Lawyers representing David Safranu, a Nigerian national sentenced to five-year imprisonment for kidnapping, have challenged the judgment of Criminal Court ‘D’ announcing an appeal before the Supreme Court.
The lawyers are contending that the defendant was not on trial for conspiracy to commit terrorism, which the trial jury relied upon to pronounce him guilty.
Instead, he was on trial for terrorism, a capital offense and first degree felony that carries a prison sentence of up to 10 years, which prosecution could not established during the entire proceedings.
However, the jurors in their verdict acquitted defendant Safranu from the charge of terrorism, one of prosecutions main demands.
He was charged in September 2012 by the government with multiple crimes including; terrorism, kidnapping and criminal conspiracy and facilitation for his role in the kidnapping of an American citizen, Christiana Andrainpoulus.
But, Judge Yussif Kaba insisted that criminal conspiracy was one of the charges levied against the defendant, as such, evidence before the court proved his guilt.
He made that clarity when he confirmed the initial guilty verdict on criminal conspiracy entered against the defendant by the trial jurors.
Interestingly, the crime is bailable under the law. However, judicial sources hinted to the Daily Observer that the defense team was considering every legal means to secure a bail bond for Safranu’s release from further detention, pending the Supreme Court’s ruling.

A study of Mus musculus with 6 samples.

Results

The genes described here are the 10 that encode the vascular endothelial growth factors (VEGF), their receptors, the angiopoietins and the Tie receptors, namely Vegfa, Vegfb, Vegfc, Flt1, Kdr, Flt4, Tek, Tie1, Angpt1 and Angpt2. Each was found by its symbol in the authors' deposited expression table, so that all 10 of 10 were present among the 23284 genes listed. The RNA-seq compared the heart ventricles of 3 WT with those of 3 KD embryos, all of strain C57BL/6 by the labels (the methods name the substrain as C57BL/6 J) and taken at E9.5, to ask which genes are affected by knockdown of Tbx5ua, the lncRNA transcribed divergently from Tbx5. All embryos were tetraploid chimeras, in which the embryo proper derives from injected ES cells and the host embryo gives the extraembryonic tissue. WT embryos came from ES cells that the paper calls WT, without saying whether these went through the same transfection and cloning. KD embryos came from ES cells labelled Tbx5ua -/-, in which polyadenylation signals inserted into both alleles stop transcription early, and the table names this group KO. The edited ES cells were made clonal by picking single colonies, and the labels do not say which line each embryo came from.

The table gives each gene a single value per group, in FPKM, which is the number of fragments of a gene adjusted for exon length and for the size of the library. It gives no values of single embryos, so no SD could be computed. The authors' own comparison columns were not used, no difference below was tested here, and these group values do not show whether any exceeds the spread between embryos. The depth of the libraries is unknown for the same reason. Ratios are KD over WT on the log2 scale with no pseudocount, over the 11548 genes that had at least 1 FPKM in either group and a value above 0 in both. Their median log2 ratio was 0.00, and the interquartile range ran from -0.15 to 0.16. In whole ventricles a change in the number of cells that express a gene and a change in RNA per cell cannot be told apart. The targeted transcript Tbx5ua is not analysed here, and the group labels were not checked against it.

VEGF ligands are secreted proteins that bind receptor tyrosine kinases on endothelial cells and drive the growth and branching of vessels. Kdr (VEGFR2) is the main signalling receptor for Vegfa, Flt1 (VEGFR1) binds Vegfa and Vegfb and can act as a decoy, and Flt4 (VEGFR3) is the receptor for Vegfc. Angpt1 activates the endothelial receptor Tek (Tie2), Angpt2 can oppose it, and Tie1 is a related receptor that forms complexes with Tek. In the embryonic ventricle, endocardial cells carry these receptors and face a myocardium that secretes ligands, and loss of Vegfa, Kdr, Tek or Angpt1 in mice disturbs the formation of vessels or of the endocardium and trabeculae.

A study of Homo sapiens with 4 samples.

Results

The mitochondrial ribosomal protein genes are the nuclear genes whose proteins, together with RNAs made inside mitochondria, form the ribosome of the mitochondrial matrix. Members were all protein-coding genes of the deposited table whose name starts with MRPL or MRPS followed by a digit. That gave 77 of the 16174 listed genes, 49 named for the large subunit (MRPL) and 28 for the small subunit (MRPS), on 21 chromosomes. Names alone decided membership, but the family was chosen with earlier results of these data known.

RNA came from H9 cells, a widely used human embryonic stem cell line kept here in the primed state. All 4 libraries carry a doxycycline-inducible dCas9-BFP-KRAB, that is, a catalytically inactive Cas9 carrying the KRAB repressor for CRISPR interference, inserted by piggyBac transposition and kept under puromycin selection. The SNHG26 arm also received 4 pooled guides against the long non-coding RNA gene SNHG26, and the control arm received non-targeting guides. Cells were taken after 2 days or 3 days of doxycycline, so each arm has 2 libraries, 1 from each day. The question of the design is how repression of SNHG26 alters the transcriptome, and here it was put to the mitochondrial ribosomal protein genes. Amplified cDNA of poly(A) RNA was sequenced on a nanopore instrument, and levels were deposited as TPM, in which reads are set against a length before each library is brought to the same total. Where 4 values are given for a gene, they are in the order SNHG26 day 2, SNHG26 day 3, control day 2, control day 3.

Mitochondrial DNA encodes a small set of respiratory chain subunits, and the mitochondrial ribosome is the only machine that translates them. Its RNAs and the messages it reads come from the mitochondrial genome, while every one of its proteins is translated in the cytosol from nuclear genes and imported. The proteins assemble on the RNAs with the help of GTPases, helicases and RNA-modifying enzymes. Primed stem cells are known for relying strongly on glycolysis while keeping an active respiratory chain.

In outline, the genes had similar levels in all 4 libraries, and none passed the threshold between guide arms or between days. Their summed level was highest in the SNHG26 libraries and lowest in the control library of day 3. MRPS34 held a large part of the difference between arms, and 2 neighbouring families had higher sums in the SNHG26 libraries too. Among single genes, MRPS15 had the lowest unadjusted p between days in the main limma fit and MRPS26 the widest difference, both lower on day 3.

Madam Andrianopoulos was kidnapped in 2012 when she arrived in the country aboard an SN Brussels flight from the United States of America.
She complained that her kidnappers engaged her in a lengthy conversation and subsequently escorted her into a very dark car before holding her at gun point.
According to her, while under gun point her suspects took her into a house where they kept her in captivity for three days under severe torture.
She claimed that the men stripped her naked, tied her legs and threatened to take her life by attempting to cut her fingers and toes; all the while demanding US$5 million.
“They said I was a spy, a CIA spy and tied me to a chair and tied my legs and threatened to take my life. Their boss claimed he was a rebel leader,” Andrianopoulos claimed.